Alzheimer's disease. Just the thought, a mere reflection of the words is scary. So scary in fact, that most of us do our best to keep from thinking about it at all. We are more comfortable denying vulnerability, and that's the dirty little secret of Alzheimer's. Early detection of Alzheimer's disease is vitally important, so not thinking about it, failing to be evaluated or to face a negative diagnosis will exacerbate onslaught if or when the disease arrives. There is no cure but scientific discovery has exhumed a handful of solutions that will slow progression.
According to the Alzheimer's Association, Alzheimer's is a type of dementia that causes problems with memory, thinking and behavior. Symptoms usually develop slowly and get worse over time, becoming severe enough to interfere with daily tasks. When you think about it, even the definition of the disease is innocuous- "problems with memory", "interfere with daily tasks". It sounds like a conquerable illness that is just a bit of an inconvenience. We all know differently, and we might as well face it.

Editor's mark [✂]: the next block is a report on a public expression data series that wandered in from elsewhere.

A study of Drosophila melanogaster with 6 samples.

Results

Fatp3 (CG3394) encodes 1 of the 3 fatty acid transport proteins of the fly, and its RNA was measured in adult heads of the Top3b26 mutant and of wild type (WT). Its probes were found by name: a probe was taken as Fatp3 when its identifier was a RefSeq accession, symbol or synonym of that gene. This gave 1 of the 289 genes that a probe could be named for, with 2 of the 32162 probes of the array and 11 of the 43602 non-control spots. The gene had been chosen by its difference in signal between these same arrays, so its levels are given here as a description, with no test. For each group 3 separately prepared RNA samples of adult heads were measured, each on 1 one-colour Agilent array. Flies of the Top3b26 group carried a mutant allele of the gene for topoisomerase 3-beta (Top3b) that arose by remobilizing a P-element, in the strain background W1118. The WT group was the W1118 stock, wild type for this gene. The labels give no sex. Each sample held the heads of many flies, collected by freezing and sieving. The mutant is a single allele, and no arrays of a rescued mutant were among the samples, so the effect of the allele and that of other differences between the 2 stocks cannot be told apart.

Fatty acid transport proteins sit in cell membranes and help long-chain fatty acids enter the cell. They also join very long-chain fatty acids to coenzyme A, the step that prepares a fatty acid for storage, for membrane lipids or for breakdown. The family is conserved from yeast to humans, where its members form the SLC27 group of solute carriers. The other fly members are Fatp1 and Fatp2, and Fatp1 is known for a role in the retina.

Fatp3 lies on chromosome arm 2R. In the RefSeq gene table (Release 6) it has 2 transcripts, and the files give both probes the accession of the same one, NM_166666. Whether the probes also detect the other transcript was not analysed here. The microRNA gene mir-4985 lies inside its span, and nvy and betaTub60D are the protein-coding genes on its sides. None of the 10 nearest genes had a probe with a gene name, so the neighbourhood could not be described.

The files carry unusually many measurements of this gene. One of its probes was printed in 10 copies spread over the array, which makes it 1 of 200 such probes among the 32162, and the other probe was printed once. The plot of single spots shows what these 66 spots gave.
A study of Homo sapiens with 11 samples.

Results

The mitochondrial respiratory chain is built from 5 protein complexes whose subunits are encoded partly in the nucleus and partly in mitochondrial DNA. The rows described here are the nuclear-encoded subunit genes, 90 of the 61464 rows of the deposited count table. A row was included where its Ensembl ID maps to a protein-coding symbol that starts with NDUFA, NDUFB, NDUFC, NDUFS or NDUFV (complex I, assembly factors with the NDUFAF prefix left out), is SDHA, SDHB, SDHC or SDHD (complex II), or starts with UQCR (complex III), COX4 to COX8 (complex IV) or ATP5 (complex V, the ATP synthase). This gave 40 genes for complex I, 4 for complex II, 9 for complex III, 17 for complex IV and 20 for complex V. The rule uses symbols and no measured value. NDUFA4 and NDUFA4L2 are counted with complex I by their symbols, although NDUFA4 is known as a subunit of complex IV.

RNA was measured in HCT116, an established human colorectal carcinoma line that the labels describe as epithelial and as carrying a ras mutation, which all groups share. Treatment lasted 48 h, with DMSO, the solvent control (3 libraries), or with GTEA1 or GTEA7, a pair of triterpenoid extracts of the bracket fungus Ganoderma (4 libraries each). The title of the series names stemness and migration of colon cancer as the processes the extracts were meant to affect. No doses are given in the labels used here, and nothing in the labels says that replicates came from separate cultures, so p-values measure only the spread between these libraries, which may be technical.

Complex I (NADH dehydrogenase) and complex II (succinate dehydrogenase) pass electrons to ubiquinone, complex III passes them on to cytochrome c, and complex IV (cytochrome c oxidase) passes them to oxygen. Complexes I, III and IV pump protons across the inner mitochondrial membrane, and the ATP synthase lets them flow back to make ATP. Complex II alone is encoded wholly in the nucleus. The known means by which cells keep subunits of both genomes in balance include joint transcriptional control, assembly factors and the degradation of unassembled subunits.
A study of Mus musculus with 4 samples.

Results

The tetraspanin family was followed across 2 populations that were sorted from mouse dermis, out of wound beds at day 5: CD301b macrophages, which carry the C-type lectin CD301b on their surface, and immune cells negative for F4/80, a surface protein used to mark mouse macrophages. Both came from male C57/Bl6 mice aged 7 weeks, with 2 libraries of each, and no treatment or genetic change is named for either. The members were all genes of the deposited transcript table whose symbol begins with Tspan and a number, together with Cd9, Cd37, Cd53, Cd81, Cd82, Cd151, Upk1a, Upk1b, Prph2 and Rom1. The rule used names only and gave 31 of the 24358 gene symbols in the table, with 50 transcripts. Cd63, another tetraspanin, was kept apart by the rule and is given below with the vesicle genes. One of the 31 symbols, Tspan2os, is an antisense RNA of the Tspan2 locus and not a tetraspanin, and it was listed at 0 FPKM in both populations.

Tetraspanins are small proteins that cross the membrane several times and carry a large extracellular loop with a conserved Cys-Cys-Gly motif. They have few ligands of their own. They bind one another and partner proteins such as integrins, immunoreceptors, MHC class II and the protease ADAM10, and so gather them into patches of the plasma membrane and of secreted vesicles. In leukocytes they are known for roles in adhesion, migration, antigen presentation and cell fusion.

Alzheimer's is devastatingly awful, a robber, that in it's final stages steals everything but the soul of the affected individual. No one is unscathed. Whole families are raided, and familial caregivers are left to the business of lovingly serving the patient, a mere shell of themselves.
Familial caregivers who trudge through the daily mire of loss that accompanies Alzheimer's might insist, that grasping an understanding of the disease is impossible without firsthand knowledge. This may be true. However, braving an intense look into the starkness of the disease, and making an earnest attempt at pulling back the curtain, will inevitably accomplish not only a better understanding, but also the kind of empathy that drives awareness, and structures personal and community efforts toward isolated caregivers who often operate unnoticed.